Impact on hunger: school holidays and Universal Credit

By Matt Dobson, North Bristol Foodbank

In North Bristol the challenge of supporting and meeting needs of food poverty continues to increase. The reality of holiday hunger over the summer has been seen in all our foodbank outlets as well as the arrival of Universal Credit.

311 children were provided food by North Bristol Foodbank during the holiday time (July-August). This was a 30% increase from the previous 2 months (May-June). This summer holiday time also saw a 6% increase from the same period in 2017.

North Bristol Foodbank are looking strategically with other organisations around the city, under ‘Feeding Bristol’, to how we respond during holiday periods when families do not receive free school meals.

In June, Universal Credit was rolled out to some areas of Lockleaze and we have already seen people struggling with the new system. I met one of our foodbank clients who was very distressed. He was struggling to apply for Universal Credit through the new online platform. He said this was affecting his mental health as he regularly battles with anxiety and depression. For him having to travel to the city centre to receive help with the Universal Credit application was too much for him both physically and mentally, let alone the cost of bus travel which he could not afford.

Universal Credit is the biggest change to the welfare system in a generation and the Trussell Trust network of foodbanks have been working hard to monitor it. Research has found that the system is leaving people behind – disabled people, families, and other vulnerable groups – and can push people in to debt. Analysing data from the foodbank network has found that foodbanks in full Universal Credit roll out areas, for 12 months or more, have seen a 52% increase in need compared to 13% elsewhere. This is unacceptable. We need change now. You can help make this change.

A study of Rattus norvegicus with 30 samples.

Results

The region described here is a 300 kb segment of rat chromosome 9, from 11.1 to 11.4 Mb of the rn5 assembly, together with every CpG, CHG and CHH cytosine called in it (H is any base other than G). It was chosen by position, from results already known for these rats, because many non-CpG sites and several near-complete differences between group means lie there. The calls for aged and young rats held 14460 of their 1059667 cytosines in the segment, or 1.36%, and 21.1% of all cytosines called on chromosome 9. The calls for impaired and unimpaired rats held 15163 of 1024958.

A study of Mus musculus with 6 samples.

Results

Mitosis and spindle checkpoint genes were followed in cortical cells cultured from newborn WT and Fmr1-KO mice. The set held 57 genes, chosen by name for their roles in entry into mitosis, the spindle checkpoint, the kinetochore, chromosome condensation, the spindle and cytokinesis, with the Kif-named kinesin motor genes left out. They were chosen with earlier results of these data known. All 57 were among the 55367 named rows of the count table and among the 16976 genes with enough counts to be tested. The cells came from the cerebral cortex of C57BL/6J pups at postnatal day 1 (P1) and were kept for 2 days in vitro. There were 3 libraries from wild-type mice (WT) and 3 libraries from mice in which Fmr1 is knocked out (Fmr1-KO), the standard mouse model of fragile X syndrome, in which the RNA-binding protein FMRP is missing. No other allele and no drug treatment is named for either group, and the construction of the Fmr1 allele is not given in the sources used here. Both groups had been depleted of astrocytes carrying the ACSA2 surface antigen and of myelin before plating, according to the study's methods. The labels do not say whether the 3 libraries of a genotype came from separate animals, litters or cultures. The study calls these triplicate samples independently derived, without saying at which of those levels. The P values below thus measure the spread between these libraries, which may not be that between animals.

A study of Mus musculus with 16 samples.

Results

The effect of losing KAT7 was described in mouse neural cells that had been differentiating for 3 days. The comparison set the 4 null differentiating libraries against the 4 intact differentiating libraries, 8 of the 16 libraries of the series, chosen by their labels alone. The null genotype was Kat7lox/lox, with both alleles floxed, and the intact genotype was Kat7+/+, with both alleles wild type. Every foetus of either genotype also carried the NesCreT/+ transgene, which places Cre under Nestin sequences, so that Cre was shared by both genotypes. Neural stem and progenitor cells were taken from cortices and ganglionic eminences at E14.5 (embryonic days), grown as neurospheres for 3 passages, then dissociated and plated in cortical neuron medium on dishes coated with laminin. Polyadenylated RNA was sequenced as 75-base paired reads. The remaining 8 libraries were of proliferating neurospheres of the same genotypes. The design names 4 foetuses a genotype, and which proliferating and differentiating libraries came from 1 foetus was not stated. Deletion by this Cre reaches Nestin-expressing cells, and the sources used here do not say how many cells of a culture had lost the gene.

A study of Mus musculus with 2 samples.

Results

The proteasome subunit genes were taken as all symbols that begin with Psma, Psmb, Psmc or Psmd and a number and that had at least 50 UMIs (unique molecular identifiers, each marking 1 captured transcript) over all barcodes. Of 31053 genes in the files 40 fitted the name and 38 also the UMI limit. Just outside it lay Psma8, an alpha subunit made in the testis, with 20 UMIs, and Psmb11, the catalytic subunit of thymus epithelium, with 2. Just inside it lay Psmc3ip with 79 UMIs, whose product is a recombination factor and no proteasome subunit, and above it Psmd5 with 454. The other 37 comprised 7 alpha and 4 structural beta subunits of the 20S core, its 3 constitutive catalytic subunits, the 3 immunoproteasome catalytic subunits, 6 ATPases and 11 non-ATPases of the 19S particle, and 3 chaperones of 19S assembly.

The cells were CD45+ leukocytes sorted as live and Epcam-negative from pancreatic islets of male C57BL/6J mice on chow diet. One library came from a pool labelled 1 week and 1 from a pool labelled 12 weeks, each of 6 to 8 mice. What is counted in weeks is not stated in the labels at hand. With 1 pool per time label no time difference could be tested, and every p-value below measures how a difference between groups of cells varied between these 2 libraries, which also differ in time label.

Stewart North, our chair of trustees, told me, “When we started the foodbank six years ago we never anticipated the need to continue to increase and hearing peoples’ stories of struggle is heartbreaking for our volunteers. We are in need of financial support towards new warehouse facilities and other logistical challenges that we face in meeting the demand. However, we are committed, alongside other organisations and churches, to look to the future and to be building Bristol as a city of hope.”

As there is an increase in foodbank usage, and recent Trussell Trust reports show it is likely to increase further, we have announced the opening of a new Foodbank outlet in Patchway. Last year, North Bristol Foodbank provided 395 people in Patchway with emergency food parcels, it’s the 4th largest ward we serve behind Southmead, Lockleaze and Horfield respectively. The opening of this new outlet will allow us to better care for people in crisis both in North Bristol and South Gloucestershire. The outlet will be open at St Chad’s Church, Patchway, on Thursdays between 10 am and 12 pm, from 20th September.